A couple of weeks ago I attended the Flash Memory Summit in Santa Clara, CA, where I had the opportunity to talk to a number of providers, fellow analysts and developers in attendance about the topic of flash memory. The focus of many of these conversations was less about what flash means right now as its performance ramifications are already pretty well understood by the enterprise. Rather many are already looking ahead to take further advantage of flash’s particular idiosyncrasies and, in so doing, give us some good insight into what will be hot in flash in the years to come.
Everyone in the storage industry knows that flash is not spinning media. If anything, the fact that everyone is largely forced to treat flash as storage is arguably one of flash’s big drawbacks to date. Exacerbating the issue, storage vendors are still going through a learning curve of their own. When they think of storage, many are still predisposed to approach it and think of it in an “HDD First” mentality. While that is only to be expected after years of designing storage systems for HDDs, a new “Flash First” mentality is now required and different vendors are at various stages internally at making this shift in thinking.
This is what made the Flash Memory Summit particularly intellectually stimulating to attend. A fair number of the vendors at the conference approach and think of flash in this context of “Flash First.” As such, they are pushing the boundaries of flash and while their ideas and products are, in most cases, probably not ready for enterprise adoption or use today, they do provide some good insight into what flash is poised to deliver in just a few years.
1. No Read Penalty. Everyone always talks about the write penalty associated with flash and how their systems manage that. But everyone has been so obsessed with overcoming and dealing with this issue is that they have overlooked a big opportunity with flash: there is no read penalty.
Once data is written to flash, whether you read a piece of data once, a hundred times, a million times or more, there is no penalty (as in there is no penalty to be paid in the wearing out of the flash.) This is a significant divergence from HDDs which are mechanical devices and have fairly defined wear out periods. Whether you are reading from or writing to HDDs, if you get 5 years out of an HDD, that is about it.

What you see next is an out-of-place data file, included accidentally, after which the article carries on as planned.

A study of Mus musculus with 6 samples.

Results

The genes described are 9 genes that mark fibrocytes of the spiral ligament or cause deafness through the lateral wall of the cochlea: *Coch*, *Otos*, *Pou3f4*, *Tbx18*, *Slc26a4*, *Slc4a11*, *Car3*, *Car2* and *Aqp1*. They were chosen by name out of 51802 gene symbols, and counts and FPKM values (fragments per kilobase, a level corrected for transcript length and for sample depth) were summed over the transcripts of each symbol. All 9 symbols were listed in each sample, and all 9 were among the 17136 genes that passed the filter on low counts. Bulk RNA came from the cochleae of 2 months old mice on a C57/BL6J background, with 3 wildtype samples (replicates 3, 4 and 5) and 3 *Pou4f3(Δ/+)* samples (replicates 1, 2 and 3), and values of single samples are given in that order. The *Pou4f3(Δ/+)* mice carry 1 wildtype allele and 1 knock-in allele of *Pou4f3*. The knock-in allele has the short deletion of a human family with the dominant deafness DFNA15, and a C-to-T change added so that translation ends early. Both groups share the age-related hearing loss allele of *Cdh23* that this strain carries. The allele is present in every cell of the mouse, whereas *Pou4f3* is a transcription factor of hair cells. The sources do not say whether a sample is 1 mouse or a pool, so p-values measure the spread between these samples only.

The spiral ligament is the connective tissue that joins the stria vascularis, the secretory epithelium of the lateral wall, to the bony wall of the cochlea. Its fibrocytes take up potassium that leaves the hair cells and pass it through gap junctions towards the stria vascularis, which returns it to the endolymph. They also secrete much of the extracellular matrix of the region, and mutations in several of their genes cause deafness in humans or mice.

Acknowledging and taking advantage of this “No Read Penalty” property of flash is going to force a major rethinking of flash’s role for use as a preferred media in archive. Unlike HDDs, flash has the potential to last for many more years (potentially 10 or more,) provide 5-10x improvements in read performance over HDDs, use less power, produce less heat and consume far less rack space due to its density.
Already I saw a 64 TB (yes, TB) flash memory card being demo’d at the Flash Memory Summit by NxGn Data that fits into a PCI slot. This card is strictly intended for Read intensive environments where one write or maybe at most a few writes occur to the card. After that, the rest of the I/Os are read traffic with the first version of its card able to achieve read I/Os in the 250,000 – 300,000 IOPS range. Using this type of technology. I can already think of a number of Big Data applications that can benefit from it. Using it, organizations can put data that never changes (videos, photos, images, etc.) on these cards to get unparalleled read performance at a fraction of the capital cost of today’s flash solutions.
2. More Application Integration is Coming. Another major challenge with flash is that applications and operating systems have yet to adapt to take advantage of the performance that flash currently offers. Until now, applications and OSes had to be tuned to account for IO queue depths and IO wait times due to slow storage response times.
Those days are over. Now it is the storage that is waiting on the applications and OSes to send it more IOs and more data to process. This sudden availability of storage performance is prompting the redesigns applications and OSes so that they can begin to take advantage of storage performance in ways they never could before.
To do so, integration has to occur between the applications and the OSes and the underlying storage to facilitate faster data transfers and increased throughput. Already we see early examples of this from Oracle between Oracle Database and its ZFS storage solutions and IBM DB2 and its storage systems. Look for much more of this type of integration in the months and years to come and that by 2016, most leading storage arrays will offer some type of integration with leading applications and operating systems.
3. The Demise (or End?) of Storage as We Know It. One major theme that came out of the Flash Memory Summit was the current inefficiency of needing to translate data into a format that storage understands and then back into a format that flash understands. The thought was: why not just create a bus from flash memory directly into the CPU to avoid all of these theoretically unneeded translations of data back and forth between these different formats?
As the situation stands now, the translation of data between the CPU and underlying flash-based storage occurs very quickly today – so quickly that most applications and OSes cannot detect the delay. But as applications and OSes catch up and again get out in front of today’s flash-based storage solutions, look for a new generation of storage to emerge that may not even appear as storage at all but as ever-present memory cache. Forerunners of solutions like this already ship from Fusion-io (now a part of SanDisk) and I would expect more to emerge in the years to come as the benefits of storing data in this format become more apparent.